U.S. e-waste drives counterfeit components problem

May 22, 2012
ERAI Executive Conference points to proliferation of electronic waste, complex government regulations, and harder-to-detect fakes as ongoing issues in the fight against counterfeit electronics

Counterfeit electronic components continue to inundate the U.S. market, and leaders from the electronics industry gathered recently in Las Vegas to report on the state of the issue at the 2012 ERAI Executive Conference. Experts identified three key issues that continue to plague the electronics supply chain: e-waste generated by U.S. consumers and businesses, the complexity of new government regulations over counterfeit parts and those that supply them, and increasing sophistication of the counterfeiters themselves.

More than 300 industry professionals attended the conference, hosted by electronics industry information services company ERAI and sponsored by industry analyst firm IHS. The event took place May 18th and featured presentations from standards organizations, defense contractors, distributors and others.

One of the key problems driving the proliferation of counterfeit parts is electronic waste (e-waste) generated by consumers and businesses in the United States. Much of this waste is shipped to developing countries, where counterfeiters sift through and remove key parts such as semiconductors, which then find their way back to the United States as counterfeits.

“People don’t hold onto their old electronic devices,” Bob Braasch, senior director, supply chain for IHS, told conference attendees. “A three-year-old cellphone is ancient, so people are constantly upgrading to the latest device. As the world economy improves and as technology continues to develop, people increasingly will be looking for the latest technology. All of this electronics consumerism translates into e-waste.”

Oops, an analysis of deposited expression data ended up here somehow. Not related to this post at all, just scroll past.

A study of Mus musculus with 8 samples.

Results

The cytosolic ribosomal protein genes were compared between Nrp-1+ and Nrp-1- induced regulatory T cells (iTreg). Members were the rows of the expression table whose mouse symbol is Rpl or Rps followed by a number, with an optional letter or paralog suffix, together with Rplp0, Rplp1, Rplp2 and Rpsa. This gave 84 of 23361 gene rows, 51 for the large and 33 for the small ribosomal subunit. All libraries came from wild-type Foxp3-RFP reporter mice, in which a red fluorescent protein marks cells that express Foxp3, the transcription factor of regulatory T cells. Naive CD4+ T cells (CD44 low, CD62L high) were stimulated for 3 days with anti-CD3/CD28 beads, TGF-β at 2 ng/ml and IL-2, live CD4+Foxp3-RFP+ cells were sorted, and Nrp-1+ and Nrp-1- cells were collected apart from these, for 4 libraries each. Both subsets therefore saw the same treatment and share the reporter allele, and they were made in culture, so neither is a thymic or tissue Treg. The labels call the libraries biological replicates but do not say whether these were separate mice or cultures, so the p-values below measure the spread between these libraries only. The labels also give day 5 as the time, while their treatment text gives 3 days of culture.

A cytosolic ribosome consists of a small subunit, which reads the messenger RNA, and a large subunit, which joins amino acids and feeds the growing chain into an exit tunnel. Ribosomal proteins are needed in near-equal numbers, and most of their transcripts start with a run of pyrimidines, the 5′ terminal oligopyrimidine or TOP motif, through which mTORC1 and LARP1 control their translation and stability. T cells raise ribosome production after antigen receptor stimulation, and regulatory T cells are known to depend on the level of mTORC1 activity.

Braasch said 58% of the e-waste generated in the United States is shipped to developing countries, where it is then remade into counterfeit parts and shipped back to the United States and elsewhere.

The number of counterfeit parts in the supply chain has quadrupledin recent years according to IHS research. The U.S. government took new action on the issue this year, passing the U.S. National Defense Authorization Act (NDAA), which imposes strict regulations and severe criminal penalties on counterfeits supplied for government military and aerospace programs.

Despite the new regulations, many independent distributors and end users still face problems in implementing anti-counterfeit efforts due to the vague language and difficult-to-comply with requirements contained in the NDAA, Kirsten Koepsel, director of legal affairs and tax at the Aerospace Industries Association, told conference attendees. Some aspects of the legislation are still forthcoming—such as establishing official processes to analyze, assess and act on reports of counterfeit parts—and definitions of key terminology, such as “suspect counterfeit part” and “trusted supplier” remain unclear, Koepsel said.

The other ongoing issue in the counterfeit fight is that the counterfeiters continue to get better at their trade. Sophisticated counterfeit organizations are working harder to overcome even the most diligent methods to test for bogus parts, experts explain.

“Counterfeiters are escalating—they know what we are looking for and move on to the next step,” Tom Sharpe, vice president of SMT Corp., an independent distributor of electronic components to the defense and aerospace industry, told attendees in Las Vegas.

About the Author

Victoria Fraza Kickham | Distribution Editor

Victoria Kickham is the distribution editor for Electronic Design magazine, SourceESB and GlobalPurchasing.com, where she covers issues related to the electronics supply chain. Victoria started out as a general assignment reporter for several Boston-area newspapers before joining Industrial Distribution magazine, where she spent 14 years covering industrial markets. She served as ID’s managing editor from 2000 to 2010. Victoria has a bachelor’s degree in English from the University of New Hampshire and a master’s degree in English from Northeastern University.